Can you remember what you ever did without a mobile phone? Chances are you didn’t start using one regularly until 2000 or 2001. Now most of us have at least two handsets and we’re using them to surf the web, listen to music, get work done and much more.
One of the gadgets of the decade has got to be the smart phone, the most enduring being the BlackBerry, also known as the "Crackberry" because of the addictive properties of email on the go. In fact "Crackberry" was named "New Word of the Year" in 2006, by Webster’s New World College Dictionary.
The other big hitter in the smart-phone world has been the iPhone, coming out of left field from mobile newcomers Apple and introducing us to the wider world of apps or mobile applications.
Want to convert your phone into a handy torchlight? There’s an app for that. Have an urge to check out what constellations you’re standing under? There’s an app for that.
In fact, Apple has somewhat taken over the Noughties in terms of white-hot gadgets: before the iPhone there was the iPod. First launched in 2001, the iPod has been the best-selling portable music device ever.
From music to movement, one of the hottest trends of the middle to late Noughties has been the rise of casual gaming. Nintendo has found its niche here with the Wii games console, a first in terms of motion-sensitive interactive and inclusive gaming.
You might wonder why people have taken to virtual exercise when the traditional forms, ie vacuuming, seem to be dying out. Ushering in an age of domestic robots, the Roomba is one of the first mass-market robots designed to suck up your dirt without bumping into the furniture.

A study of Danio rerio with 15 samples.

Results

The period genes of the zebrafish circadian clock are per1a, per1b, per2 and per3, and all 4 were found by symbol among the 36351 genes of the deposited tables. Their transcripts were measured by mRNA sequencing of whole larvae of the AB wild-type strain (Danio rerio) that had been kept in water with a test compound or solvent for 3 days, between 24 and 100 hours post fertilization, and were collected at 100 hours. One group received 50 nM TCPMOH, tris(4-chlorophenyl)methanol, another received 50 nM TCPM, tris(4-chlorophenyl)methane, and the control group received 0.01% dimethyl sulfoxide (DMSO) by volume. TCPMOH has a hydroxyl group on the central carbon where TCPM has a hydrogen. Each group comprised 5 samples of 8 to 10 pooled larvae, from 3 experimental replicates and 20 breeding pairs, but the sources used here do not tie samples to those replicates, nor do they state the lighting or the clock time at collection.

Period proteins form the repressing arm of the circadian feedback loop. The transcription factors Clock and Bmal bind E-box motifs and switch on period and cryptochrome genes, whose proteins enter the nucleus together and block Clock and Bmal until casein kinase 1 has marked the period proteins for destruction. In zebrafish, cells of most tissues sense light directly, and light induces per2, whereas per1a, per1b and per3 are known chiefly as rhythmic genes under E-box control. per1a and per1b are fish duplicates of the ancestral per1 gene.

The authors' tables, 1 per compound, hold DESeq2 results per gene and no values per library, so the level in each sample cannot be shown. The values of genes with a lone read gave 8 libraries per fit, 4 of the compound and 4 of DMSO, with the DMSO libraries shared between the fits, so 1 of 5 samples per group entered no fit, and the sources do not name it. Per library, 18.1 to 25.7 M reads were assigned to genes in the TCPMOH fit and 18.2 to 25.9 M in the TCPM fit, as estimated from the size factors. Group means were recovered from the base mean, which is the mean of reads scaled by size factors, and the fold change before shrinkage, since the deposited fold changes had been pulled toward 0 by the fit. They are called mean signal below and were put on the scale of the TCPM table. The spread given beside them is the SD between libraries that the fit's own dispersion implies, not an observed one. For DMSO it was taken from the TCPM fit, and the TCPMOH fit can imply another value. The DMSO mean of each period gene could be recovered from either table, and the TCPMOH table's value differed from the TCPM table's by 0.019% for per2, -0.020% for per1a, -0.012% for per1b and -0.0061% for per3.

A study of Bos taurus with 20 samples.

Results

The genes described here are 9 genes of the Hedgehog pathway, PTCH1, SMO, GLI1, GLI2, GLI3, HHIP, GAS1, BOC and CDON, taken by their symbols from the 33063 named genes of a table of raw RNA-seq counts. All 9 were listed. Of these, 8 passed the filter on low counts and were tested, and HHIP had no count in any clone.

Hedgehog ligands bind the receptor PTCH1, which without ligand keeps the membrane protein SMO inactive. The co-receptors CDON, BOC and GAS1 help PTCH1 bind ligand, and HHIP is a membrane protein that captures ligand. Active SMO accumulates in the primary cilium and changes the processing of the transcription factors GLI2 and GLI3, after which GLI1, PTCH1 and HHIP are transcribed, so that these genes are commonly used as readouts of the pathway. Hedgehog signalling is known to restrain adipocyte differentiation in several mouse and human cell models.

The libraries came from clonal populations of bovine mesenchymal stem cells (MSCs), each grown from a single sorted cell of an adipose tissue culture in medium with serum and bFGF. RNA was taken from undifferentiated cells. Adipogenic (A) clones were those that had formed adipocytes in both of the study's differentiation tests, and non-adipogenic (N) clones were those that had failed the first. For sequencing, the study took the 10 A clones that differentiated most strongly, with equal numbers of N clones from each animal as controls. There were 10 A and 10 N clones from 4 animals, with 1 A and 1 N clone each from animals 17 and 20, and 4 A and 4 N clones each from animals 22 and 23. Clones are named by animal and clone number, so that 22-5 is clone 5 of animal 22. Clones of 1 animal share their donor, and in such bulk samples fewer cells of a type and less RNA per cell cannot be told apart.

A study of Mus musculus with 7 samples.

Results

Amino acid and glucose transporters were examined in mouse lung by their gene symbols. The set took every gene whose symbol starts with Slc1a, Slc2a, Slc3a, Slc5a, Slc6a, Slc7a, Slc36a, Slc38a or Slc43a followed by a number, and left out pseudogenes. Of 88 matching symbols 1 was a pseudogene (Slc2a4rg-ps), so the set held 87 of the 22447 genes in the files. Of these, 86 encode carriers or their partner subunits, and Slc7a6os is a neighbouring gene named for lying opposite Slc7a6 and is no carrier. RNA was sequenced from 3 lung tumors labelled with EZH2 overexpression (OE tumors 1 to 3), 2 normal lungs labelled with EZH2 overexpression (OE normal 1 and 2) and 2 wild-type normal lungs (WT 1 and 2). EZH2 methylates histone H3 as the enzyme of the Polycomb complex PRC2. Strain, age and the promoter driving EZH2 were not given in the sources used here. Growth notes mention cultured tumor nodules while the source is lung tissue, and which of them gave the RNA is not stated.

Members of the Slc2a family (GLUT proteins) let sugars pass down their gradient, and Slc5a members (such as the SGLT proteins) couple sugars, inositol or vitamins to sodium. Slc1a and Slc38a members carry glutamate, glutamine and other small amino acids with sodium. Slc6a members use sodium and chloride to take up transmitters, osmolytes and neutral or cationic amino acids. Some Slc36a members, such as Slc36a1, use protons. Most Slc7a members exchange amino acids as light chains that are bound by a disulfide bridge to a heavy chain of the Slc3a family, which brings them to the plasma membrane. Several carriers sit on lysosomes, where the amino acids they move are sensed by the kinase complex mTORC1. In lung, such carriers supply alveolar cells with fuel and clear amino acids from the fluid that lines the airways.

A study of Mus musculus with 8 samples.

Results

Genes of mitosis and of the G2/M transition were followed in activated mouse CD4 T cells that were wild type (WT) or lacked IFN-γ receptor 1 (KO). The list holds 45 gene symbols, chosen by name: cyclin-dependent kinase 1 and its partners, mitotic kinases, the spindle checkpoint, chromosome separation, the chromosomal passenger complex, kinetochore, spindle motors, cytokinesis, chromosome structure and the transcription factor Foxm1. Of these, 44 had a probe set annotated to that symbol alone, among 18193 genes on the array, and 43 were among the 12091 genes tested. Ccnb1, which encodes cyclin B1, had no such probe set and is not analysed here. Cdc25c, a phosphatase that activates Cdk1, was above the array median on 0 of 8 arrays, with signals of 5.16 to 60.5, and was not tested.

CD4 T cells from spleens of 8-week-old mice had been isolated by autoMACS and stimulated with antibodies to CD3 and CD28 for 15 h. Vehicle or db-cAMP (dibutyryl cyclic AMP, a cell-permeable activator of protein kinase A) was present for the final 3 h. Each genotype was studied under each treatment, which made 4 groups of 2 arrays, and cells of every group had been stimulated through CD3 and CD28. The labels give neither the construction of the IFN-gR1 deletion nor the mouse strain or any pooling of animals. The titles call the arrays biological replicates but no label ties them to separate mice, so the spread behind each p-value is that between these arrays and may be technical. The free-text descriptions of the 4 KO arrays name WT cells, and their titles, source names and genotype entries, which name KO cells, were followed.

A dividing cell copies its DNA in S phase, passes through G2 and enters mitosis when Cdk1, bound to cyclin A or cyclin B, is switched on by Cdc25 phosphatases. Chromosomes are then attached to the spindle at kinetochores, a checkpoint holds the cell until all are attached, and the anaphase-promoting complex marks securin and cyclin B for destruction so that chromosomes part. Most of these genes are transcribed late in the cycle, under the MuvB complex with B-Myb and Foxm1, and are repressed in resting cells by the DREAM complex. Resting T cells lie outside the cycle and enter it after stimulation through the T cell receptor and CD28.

The digital touch
The digital camera, especially the point-and-click digital compact, has become an affordable device as ubiquitous as the mobile phone and just as important for some as the trend towards "life streaming" or constantly documenting your life online grows.
And of course we’d be lost (literally) without the sat-nav device. After all, generally speaking, men don’t like asking for directions and women can’t read maps very well. (I’m not sexist, there is quite a lot of scientific literature to back up the fact that women are not accurate at spatial navigation).
Sat-nav devices from manufacturers such as Garmin and TomTom continue to improve, with crowd sourcing adding to the accuracy.
And selling as well as sat-nav devices for the past couple of years has been the netbook. Smaller, cheaper and far more portable than the average laptop, the netbook craze began in 2007 with the Asus EEE PC 700.
Now most major PC manufacturers, including Dell, Samsung, Toshiba and Sony, have their own versions, all with the web-oriented standards of a 10-inch screen, 250GB of storage and 1GB of memory.
Last but not least has got to be the USB memory stick or flash drive. This little wonder has superseded the Zip disk and the floppy disk as a much smaller in size, yet far bigger in storage, replacement. The USB stick has even been the delivery method over CD for some artist’s albums.
By Marie Boran
Photo: The TomTom sat-nav app on the iPhone 3Gs.